Voices in the News

A montage of voices in this past week's news, including University of Wisconsin cell biologist James Thomson; Charlotte St. Martin, executive director of the League of Theatres and Producers; Bruce Cohen, spokesperson for the International Alliance of Theatrical Stage Employees, Local 1; Sam Dolnick, Associated Press correspondent; Martin Indyk, former U.S. ambassador to Israel; Mustafa Kamel el-Sayed, Cairo political analyst; Amnon Lipkin-Shahak, Israel's former chief of staff; Gerald Steinberg, professor of political studies at Israel's Bar Ilan University.


From NPR News, this is WEEKEND EDITION. I'm Liane Hansen.

And these were some of the voices in the news this past week.

Dr. JAMES THOMPSON (Cell Biologist, University of Wisconsin): It changes everything in that these are not cells derived from embryos anymore. And it remains to be seen if these are perfectly the same as embryonic stem cells. But my feeling is that over time, we will get better and it will be essentially equivalent to embryonic stem cells. And that very much changes the ethics of the debate.

Mr. BRUCE COHEN (Spokesperson, International Alliance of Theatrical Stage Employees, Local One): We're ready to sit down at the bargaining table now. Every day that Broadway continues with this situation, you can't sell last night's ticket.

Ms. CHARLOTTE ST. MARTIN (Executive Director, League of American Theatres and Producers): We have offered many, many different proposals trying to find a place that would harm them the least, but give flexibility to our producers, and also, frankly, give them the relief of not paying for people who don't work.

Mr. SAM DOLNICK (Correspondent, Associated Press): It's grim out there. These areas are just really ravaged. These are bamboo and straw huts, the occasional brick home or tin shack and they were just flattened by the storm.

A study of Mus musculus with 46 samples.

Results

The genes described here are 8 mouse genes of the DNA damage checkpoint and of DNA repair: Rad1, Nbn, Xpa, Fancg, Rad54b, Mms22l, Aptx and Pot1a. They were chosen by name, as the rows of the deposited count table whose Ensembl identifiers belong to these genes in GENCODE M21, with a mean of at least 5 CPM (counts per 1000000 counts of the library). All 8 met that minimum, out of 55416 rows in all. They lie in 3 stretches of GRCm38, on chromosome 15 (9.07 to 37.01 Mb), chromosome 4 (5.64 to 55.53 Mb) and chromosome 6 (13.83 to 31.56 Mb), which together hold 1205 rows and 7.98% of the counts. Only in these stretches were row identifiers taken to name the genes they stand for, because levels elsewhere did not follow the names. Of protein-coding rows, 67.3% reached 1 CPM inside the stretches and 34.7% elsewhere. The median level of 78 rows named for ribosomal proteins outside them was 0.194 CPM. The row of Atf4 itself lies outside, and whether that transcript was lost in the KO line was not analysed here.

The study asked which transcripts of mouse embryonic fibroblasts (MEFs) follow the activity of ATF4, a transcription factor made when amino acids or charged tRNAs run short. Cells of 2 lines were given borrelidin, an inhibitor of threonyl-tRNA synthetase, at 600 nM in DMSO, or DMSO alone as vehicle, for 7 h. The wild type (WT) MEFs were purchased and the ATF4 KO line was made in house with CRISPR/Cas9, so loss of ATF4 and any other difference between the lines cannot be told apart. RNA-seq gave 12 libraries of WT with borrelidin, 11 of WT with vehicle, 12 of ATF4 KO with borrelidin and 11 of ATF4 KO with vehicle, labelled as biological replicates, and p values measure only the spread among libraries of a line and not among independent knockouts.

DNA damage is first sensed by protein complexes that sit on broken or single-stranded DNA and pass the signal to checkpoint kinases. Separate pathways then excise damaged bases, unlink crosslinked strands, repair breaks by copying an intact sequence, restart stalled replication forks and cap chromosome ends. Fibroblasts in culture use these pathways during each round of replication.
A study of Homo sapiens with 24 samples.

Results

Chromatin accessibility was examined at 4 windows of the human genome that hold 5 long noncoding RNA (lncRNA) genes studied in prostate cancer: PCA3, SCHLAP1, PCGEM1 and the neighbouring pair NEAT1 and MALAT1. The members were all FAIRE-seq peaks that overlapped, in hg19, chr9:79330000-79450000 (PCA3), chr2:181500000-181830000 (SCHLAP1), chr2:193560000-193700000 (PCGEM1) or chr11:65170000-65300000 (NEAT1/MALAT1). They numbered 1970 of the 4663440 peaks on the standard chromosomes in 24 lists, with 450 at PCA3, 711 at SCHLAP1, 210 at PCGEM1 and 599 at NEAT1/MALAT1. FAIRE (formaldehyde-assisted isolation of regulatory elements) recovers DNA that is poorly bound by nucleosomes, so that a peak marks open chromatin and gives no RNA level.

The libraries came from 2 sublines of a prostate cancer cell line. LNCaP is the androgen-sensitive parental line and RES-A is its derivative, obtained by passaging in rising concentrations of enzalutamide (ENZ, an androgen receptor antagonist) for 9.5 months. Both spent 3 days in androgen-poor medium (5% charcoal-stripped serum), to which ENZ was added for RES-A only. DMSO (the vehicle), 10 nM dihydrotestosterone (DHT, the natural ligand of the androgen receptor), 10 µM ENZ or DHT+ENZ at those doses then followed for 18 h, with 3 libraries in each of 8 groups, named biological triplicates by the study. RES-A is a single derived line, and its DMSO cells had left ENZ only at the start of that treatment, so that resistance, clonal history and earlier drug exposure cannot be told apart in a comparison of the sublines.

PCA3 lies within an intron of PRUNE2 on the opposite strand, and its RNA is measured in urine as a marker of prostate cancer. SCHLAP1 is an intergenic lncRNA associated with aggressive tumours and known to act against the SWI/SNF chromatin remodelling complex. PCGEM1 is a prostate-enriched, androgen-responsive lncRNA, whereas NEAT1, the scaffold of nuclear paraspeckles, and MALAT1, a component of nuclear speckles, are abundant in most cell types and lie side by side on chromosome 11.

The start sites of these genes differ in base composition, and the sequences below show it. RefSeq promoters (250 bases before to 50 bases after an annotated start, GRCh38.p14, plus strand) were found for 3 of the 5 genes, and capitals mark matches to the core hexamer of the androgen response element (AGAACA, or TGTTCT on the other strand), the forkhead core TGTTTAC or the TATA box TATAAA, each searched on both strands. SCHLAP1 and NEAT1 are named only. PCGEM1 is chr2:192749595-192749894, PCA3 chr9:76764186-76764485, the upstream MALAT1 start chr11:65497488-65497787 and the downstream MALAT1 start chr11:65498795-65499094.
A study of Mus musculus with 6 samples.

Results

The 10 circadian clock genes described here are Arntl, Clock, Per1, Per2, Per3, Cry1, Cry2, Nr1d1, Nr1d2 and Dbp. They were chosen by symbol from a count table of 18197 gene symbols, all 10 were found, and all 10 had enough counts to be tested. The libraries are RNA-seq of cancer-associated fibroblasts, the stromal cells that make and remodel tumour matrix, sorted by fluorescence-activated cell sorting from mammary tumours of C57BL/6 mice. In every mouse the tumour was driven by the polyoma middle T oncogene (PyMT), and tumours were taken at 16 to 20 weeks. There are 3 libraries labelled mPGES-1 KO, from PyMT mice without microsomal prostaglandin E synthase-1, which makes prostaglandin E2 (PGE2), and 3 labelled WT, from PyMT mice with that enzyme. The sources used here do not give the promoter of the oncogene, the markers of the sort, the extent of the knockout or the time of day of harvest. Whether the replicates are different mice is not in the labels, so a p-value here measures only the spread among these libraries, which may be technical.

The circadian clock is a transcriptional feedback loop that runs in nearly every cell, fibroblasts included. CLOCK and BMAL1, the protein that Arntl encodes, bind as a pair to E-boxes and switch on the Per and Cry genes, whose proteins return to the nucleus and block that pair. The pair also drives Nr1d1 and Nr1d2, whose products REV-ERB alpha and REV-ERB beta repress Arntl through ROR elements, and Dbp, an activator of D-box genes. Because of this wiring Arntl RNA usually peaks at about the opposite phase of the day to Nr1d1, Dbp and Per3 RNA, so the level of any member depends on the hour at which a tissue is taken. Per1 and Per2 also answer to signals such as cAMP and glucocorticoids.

Dr. MARTIN INDYK (Director, Saban Center for Middle East Policy; Former U.S. Ambassador to Israel): I think it's certainly affected President Bush's view of things. But it was a mistake to simply walk away and watch from the sidelines while the Israelis and Palestinians had at it. There was a whole edifice of peacemaking that had been established out of the previous eight years by the Clinton administration and, essentially, it was burnt to the ground.

Mr. MUSTAFA KAMEL EL-SAYED (Cairo Political Analyst): My personal view is that Arab governments should not go to this meeting. And, in fact, the position of the Palestinians will be much stronger if Arab governments would not go.

Mr. AMNON LIPKIN-SHAHAK (Former Chief of Staff, Israeli Defense Force): I do believe that we have Palestinian leaders, like Abu Mazen and Salam Fayad, who are willing, which is very much different from our experience with Chairman Arafat. No doubt that there is a will, if there is a way - I believe there is a way - but we are in the early beginning.

Professor GERALD STEINBERG (Political Studies, Bar Ilan University, Israel): There's no enthusiasm or excitement. This is certainly not anything comparable to the days of Oslo, when people thought that peace was actually going to break out.